From apple picking to picking your style


Cynthia Carr Gardner brings time honored sensibilities for shape, texture and color with her as she helps her famous, and not so famous, clients perfect a clothing style that is perfect for them. Readers of Glamour will be familiar with some of Cynthia’s fashion dogmas from the Do and Don’t Do column she inspired while working as an assistant editor at that magazine.

The often referenced  Do & Don’t Do phrase has become part of our fashion vernacular. Yet its simplicity belies the greater contribution she has made to our culture during her 30-year career.

While she studied costume design at Hampshire College in Amherst, Massachusetts, Carr Gardner’s appreciation of simple lines, fine fabric and color saturation intensified her knack for pulling together chic outfits. The expression “stylist” was still unheard of when she continued her studies at Smith College.

Today, with her Master’s eye, Carr Gardner has helped set the industry standard. A seamless fusion of education, experience, and an inherent philosophical appreciation for propriety distinguish this stylist from personal shoppers.

She looks for synergy between time, place, and occasion. Her love of clothing is evident in her global pursuit to find a perfect piece intended to enhance each client’s personal essence. When she shops, she shops with perspective, and intuition. She shops in large stores, small boutiques, and obscure(dot)com sites to polish a client’s signature look. She can tell in a glance if a piece is right.

The woman who dresses Jon Gruden, Suzy Kolber, Mike Tirico, and Michele Tafoya for ESPN’s Monday Night Football considers in advance geographical climates as well as the visual impact of group shots when writing-out and photographing a fashion playbook of sorts. Each week, the broadcast team wears preassigned ensemble clothes that skillfully reflects the relaxed nature of the setting, the personalities and the professional responsibilities of the anchors. The curated look erases the stiff “uniform” jacket previously worn by broadcasters yet references a refined corporate identity.

Kathryn Stockett, author of the best-selling book-turned-Oscar Best Picture nominee, “The Help,” knew she needed help developing a look that projected the statement she sought to make sartorially. As Stockett made the round of Academy Award parties in 2012, she knew it was essential to project a strong sophisticated image of her own accomplishments and ambitions in Hollywood.   The pajama bottoms and sweat pants she felt most comfortable in didn’t reflect her success in that moment, on stage or in the way her life evolved. With Carr Gardner’s help the two embarked on conversations, shopping sprees and on-line harvesting of the best choices to fit not only Stockett’s multiple occasions, but her desire to speak effectively, using the subliminal language of fashion. She wanted people who saw her to know she was prepared to work as an artist and a leader in the industry.

In Carr Gardner’s view, today’s fashion is regrettably influenced by so-called “reality TV,” and is, as a result, too low, too tight, and too short to be tasteful. The reality is, reality shows are culturally reducing our sense of style and fostering a diminished sense of decency.

Carr Gardner thinks a young mom sacrifices an opportunity to look polished and ready for the day when she wears a predictable pair of yoga pants and sneakers around town. She recommends refreshing the gym look with a great long top, modestly covering the bottom while adding color and flare, and especially when coupled with a sassy pair of flats.  In her opinion, with a little fore thought, the updated look is nearly effortless, considerably more chic and age appropriate for a “mom on the go.”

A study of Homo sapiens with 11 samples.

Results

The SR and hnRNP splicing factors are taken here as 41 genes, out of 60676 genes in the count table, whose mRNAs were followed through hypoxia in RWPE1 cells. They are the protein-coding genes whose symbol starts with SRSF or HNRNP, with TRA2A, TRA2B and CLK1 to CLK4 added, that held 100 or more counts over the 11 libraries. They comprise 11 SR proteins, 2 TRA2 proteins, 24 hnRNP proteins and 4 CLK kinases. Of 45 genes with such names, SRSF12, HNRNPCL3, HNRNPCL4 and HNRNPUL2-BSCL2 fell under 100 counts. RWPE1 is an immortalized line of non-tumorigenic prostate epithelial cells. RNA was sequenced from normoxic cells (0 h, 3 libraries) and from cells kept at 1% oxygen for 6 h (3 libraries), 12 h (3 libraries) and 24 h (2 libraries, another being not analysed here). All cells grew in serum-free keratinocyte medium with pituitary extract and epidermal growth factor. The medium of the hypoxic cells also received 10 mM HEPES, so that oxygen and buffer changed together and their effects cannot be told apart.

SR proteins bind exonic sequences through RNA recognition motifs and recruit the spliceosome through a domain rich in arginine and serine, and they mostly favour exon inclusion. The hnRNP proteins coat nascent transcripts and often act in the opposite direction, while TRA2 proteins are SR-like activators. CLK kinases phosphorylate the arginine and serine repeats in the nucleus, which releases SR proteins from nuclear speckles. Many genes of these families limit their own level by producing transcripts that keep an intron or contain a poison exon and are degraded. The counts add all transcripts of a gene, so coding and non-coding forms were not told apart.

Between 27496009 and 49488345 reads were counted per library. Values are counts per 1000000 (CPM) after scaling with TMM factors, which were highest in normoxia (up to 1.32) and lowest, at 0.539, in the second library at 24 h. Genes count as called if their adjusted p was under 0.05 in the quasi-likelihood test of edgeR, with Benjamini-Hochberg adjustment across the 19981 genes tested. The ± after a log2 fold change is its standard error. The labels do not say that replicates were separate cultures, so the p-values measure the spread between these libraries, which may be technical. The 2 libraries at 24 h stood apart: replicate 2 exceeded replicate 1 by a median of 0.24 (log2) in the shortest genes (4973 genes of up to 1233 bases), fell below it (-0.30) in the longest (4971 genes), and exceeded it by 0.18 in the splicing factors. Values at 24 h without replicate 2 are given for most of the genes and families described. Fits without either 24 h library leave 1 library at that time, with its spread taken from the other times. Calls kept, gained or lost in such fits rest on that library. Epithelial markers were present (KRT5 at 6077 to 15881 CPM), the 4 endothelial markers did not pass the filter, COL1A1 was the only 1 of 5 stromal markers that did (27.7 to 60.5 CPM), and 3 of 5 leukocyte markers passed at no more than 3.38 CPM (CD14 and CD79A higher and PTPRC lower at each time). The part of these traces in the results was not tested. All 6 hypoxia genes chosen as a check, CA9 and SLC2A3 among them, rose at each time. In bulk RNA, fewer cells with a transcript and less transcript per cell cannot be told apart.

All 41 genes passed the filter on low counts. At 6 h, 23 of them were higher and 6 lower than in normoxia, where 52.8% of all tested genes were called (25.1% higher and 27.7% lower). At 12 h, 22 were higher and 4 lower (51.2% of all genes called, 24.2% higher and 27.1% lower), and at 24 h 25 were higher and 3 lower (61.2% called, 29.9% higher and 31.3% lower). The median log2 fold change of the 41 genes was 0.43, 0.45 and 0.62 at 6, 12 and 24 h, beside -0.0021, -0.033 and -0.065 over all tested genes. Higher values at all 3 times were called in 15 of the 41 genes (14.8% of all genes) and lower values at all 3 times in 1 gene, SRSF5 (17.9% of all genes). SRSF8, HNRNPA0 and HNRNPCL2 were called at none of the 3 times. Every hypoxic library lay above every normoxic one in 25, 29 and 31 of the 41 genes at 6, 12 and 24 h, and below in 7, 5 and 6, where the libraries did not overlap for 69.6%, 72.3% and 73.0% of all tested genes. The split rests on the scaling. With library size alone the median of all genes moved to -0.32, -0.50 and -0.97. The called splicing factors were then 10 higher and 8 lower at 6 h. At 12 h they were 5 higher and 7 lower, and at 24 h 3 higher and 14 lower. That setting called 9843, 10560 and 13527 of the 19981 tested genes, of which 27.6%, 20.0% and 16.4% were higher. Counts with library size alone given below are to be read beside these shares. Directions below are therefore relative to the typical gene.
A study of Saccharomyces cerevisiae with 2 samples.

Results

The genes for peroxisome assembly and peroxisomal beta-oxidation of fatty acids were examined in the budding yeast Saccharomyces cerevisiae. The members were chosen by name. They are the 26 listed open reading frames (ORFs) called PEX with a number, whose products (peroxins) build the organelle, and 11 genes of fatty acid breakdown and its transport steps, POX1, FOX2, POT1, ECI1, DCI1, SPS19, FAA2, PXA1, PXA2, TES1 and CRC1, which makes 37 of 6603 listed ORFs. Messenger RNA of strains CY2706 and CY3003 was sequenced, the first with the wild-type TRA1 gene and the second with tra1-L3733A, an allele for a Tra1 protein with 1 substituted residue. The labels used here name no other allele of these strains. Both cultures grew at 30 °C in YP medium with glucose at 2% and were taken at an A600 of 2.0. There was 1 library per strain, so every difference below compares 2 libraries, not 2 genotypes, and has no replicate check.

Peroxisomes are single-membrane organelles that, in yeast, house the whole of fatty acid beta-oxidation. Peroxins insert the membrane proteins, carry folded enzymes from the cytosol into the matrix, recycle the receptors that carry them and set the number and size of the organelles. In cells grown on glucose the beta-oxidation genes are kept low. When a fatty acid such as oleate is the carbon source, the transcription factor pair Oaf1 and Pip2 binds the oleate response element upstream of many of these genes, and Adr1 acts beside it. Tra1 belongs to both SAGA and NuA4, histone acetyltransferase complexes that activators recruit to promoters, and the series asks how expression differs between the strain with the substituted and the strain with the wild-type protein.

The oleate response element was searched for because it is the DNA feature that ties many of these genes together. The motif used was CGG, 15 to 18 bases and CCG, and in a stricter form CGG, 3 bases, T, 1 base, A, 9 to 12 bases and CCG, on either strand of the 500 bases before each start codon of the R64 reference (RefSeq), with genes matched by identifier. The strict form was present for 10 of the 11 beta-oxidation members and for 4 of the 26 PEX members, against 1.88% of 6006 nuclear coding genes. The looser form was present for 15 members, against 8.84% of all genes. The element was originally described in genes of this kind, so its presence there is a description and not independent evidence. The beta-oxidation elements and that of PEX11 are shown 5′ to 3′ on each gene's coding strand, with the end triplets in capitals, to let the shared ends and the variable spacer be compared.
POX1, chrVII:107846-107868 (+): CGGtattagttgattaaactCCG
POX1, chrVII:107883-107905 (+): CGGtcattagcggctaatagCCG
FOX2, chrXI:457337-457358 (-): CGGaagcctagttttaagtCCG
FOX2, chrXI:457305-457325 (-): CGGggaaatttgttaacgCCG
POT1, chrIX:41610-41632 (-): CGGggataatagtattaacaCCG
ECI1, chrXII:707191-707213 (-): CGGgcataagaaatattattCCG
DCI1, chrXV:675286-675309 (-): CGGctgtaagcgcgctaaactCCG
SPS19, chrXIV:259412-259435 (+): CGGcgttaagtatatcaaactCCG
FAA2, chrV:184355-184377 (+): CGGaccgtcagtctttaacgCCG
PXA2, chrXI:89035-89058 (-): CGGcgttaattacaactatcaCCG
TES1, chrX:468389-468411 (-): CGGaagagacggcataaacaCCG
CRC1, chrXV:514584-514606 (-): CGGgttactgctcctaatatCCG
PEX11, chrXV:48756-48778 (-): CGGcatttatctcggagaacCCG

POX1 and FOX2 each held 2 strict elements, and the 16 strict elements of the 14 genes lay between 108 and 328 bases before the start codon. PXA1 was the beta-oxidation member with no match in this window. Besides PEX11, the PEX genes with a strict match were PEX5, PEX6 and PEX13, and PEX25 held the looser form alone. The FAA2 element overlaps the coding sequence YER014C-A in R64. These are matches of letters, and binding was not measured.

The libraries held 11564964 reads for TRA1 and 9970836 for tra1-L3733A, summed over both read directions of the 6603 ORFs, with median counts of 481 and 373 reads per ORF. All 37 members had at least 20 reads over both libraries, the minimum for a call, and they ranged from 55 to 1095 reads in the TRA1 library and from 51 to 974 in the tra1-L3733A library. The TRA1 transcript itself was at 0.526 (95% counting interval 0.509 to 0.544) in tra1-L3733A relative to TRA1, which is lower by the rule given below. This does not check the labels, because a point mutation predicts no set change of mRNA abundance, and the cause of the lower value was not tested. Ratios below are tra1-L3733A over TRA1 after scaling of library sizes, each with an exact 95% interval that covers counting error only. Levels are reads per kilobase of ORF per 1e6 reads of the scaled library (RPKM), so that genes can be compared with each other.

And she wonders out loud why we have adopted a wrinkled workplace look and why we no longer celebrate success by trying to look successful. The apple cart has tipped over when the most successful person on the team dresses down to impress the associates. She feels we undermine a sense of confidence in ourselves and those we work with when our clothing isn’t well suited to who we are, and aspire to become.  Young people especially should dress ”aspirationally.”

The mantra of appropriateness and fun infused Carr Gardner’s style choices as she refined Katie Couric’s look.  Like most women, Couric’s hectic life demanded different outfits. This super busy wife, mom, hard-working professional needed help streamlining her clothing choices to simplify transitions between day-time responsibilities and night-time festivities.

Rather than add pieces, Carr Gardner edited Couric’s over-stuffed closet.

So, if you’re the person standing in front of a full closet, complaining you have nothing to wear, fall is a perfect time to develop a philosophical approach to dressing, eliminate fashion pitfalls, and accomplish a polished look. Carr Gardner, budget-conscious New Englander that she is, recommends women shop in their own closet for five staples to create a basic canvas to dress their best for every occasion:

1) well cut black pants

2) a sparkling white blouse

3) figure flattering dress or skirt

4) sexy pumps

5) perfect coat

Be objective or ask a tailor if these staples are well fitting, of an appropriate length and apple crisp. Adding vintage, or trendy accessories depending on the needs of the day keep your look fresh, tasteful and turn the ensemble into investments in confidence while avoiding costly mistakes.

Of course this list is adaptable for men, and would be enhanced by a blazer and good sweater.

Carr Gardner encourages you to pick the best clothing pieces that are right for you. She’s got your back whether you’re a job applicant, CEO, or soccer mom. Dressing with clarity, confidence and poise you’ll be the stand out of the season, every season.

Courtesy of ESPN

Diane Kilgore is a Boston-area blogger.